SHERIDAN — You’re a first-grader and you’re standing at the bus stop with a backpack full of completed homework eagerly awaiting another day of school. But today is no ordinary day of blackboards, study and desks; today is field trip day.
To you, this possibly means one of two things: a welcome break from learning or yet another boring tour. But what if your teachers and community members came together to create a one-of-a-kind field trip tailored to your learning level, skills and interests so you could have fun while they slip in a secret lesson, or two?
That is exactly what happened last week as the three first-grade classes from Tongue River Elementary unloaded 43 students at the Ucross Foundation for a day of living art exercises.
First-grade teacher Molly Martoglio and Ucross Foundation Director of Development and Community Relations Vivian Banks grew up together in Sheridan, and to them, the culture of art is second nature.
After thinking outside the usual field trip box and realizing the many resources she had throughout the community, Martoglio approached Banks about bringing the kids to Ucross.
The day was originally scheduled to include a tour and some workshops, but after artists in residency at the foundation learned of the upcoming visitors and donated their time, the event grew into a daylong series of interactive events that reached the students on many levels.
The morning began with a creative movement exercise led by a professional composer and a professional choreographer from New York who spent 45 minutes with the students practicing rhythm and movement, counting music, identifying patterns and putting actions to spoken word.
“One teacher said she has a little girl who struggles in the classroom, but she saw her be a leader in the creative movement exercise by suggesting ideas and thinking of new ways to conduct choreography,” Banks said. “It gave them a chance to be brave and try new things.”
Banks said she and the teachers saw similar results from the creative writing workshop and brainstorming exercise that followed.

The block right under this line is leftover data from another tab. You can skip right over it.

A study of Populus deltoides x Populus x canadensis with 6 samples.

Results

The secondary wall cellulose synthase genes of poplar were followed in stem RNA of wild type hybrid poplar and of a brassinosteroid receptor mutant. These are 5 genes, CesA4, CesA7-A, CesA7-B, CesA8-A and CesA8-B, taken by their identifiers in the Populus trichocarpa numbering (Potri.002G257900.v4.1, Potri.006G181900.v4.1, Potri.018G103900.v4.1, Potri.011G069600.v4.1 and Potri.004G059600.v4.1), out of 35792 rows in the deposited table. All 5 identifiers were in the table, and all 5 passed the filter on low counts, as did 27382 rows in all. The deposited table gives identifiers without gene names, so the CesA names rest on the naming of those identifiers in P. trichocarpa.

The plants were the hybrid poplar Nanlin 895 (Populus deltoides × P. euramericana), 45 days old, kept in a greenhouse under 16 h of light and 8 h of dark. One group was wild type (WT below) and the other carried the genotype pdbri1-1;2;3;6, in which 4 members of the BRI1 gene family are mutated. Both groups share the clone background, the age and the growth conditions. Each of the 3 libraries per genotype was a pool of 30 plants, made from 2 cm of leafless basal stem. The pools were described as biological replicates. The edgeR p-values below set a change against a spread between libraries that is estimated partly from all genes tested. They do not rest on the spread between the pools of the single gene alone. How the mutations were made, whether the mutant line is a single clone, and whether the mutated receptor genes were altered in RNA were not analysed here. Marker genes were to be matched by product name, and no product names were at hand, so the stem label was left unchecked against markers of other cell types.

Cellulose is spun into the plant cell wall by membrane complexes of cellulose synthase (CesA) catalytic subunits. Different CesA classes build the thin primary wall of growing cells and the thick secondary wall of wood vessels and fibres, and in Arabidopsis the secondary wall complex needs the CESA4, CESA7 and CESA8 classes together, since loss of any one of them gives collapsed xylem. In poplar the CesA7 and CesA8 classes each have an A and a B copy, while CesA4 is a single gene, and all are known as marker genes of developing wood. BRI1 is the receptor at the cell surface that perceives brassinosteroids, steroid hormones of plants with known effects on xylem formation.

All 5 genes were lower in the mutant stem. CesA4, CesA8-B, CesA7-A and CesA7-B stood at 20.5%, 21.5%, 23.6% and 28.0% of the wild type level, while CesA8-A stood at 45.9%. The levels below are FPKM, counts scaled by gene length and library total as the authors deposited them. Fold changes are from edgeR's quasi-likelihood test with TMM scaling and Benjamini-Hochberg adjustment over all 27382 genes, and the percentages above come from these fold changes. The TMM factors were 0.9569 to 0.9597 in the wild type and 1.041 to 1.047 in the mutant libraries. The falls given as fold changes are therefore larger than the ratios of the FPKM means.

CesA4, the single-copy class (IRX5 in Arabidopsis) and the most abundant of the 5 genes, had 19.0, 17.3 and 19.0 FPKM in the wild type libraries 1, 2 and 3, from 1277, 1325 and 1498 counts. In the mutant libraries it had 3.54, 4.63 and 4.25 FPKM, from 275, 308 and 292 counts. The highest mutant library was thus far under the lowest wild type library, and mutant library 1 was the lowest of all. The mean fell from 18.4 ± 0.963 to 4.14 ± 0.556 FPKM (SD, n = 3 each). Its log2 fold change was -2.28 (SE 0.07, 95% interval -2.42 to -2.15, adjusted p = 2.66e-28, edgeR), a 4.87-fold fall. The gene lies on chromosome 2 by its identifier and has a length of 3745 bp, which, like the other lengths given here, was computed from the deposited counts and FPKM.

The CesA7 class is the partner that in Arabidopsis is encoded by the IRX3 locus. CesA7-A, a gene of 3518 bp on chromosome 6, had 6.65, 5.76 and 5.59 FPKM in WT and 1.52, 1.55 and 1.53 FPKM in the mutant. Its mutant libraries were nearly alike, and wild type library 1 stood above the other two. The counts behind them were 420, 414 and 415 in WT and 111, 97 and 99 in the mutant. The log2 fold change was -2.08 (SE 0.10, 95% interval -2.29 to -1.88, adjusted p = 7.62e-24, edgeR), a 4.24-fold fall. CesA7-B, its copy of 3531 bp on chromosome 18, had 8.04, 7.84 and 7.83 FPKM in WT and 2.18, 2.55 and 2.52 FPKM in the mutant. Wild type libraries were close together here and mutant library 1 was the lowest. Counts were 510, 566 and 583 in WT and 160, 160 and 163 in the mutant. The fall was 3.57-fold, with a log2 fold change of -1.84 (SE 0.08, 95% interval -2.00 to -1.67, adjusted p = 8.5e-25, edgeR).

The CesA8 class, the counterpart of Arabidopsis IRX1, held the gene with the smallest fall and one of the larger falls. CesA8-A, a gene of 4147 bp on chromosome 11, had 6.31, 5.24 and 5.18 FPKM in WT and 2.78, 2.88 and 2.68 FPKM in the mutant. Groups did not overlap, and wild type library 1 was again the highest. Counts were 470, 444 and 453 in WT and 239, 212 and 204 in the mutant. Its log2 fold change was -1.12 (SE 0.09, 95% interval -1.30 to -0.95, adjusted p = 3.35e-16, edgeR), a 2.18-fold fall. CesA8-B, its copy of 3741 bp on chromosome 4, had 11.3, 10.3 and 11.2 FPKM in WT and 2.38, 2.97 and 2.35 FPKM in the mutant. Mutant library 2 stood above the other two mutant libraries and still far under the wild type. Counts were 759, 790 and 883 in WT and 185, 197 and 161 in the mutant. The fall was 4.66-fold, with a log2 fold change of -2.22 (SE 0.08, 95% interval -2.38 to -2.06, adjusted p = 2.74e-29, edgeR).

“When they came together to brainstorm before working on their own writing pieces, the kids came forward with ideas we never would have expected,” she said. “Normally they are in the same classroom every day, all year round, so seeing them in an outside setting and successfully applying what they have been learning all year was important to the teachers.”
Martoglio agreed that though the students didn’t realizing they were tapping into all of their lessons from throughout the year, seeing them be able to recall and apply those learnings in a real world setting was exciting.
“Creatively applying your knowledge is the highest level of learning,” Martoglio said. “Recalling things is a start, but applying what they’ve learned on this field trip showed a higher level of understanding for what we’ve worked on throughout the year, even in terms of math and science. Scientists have proven you use the same portion of your brain to solve a math problem that you do to play a piano.”
One teacher who has been teaching for more than a decade told Banks she was inspired to try something new after the writing exercise.
Led by widely published essayist Chelsea Biondolillo, when a student finished writing early she pulled them aside and asked them what they thought and how they felt about what they wrote.
Banks said this kept them engaged in the activity and helped them care about what their peers had created.
“All of them were exercising their creativity in new ways than they normally get to, so it encouraged them to share in new ways and help each other too,” Banks said. “Another teacher said it was a chance to realize and illustrate how important art is in this community while showing our youth that there really are ways to work together and help each other out.”
After the writing exercise, the students took their pieces to local artist Chessney Sevier to make an illustration of their composition.
In a lesson that melded art and problem solving, Sevier broke down their desired pictures into basic shapes and form to help them achieve drawings like giraffes by looking at them in a different way.
Other activities of the day included tours of old buildings on the property that had the students learning about history and diversity through art and walks outside that used nature to spark the kids’ creativity and start conversations.
“Just seeing them explore new things and seeing their excitement for everything they looked at was the best part,” Martoglio said. “I love seeing how brave they are to try new things in front of their peers. They joined in with confidence, and that is something we lose as adults.”
She added that the entire day of exercises reminded her of a quote from Pablo Picasso that says, “Every child is an artist. The problem is how to remain an artist once we grow up.”
Banks said for her, the day was a reminder that art is part of everything and whether a child on a field trip or an adult at work, creative thinking can elevate all works.
“As an established vibrant arts organization in the community, the main function of Ucross Foundation is serving as an artists in residency program, so we do not normally get to provide this type of occurrence to this high of a degree, so it was special for us as well,” Banks said. “We would certainly be open to doing these types of things in the future, but the artists aren’t required to share their time and space so it will vary for each situation.”
She added that the gallery has two to four unique exhibitions annually that are open year-round for no charge, and opportunities for tours are always available.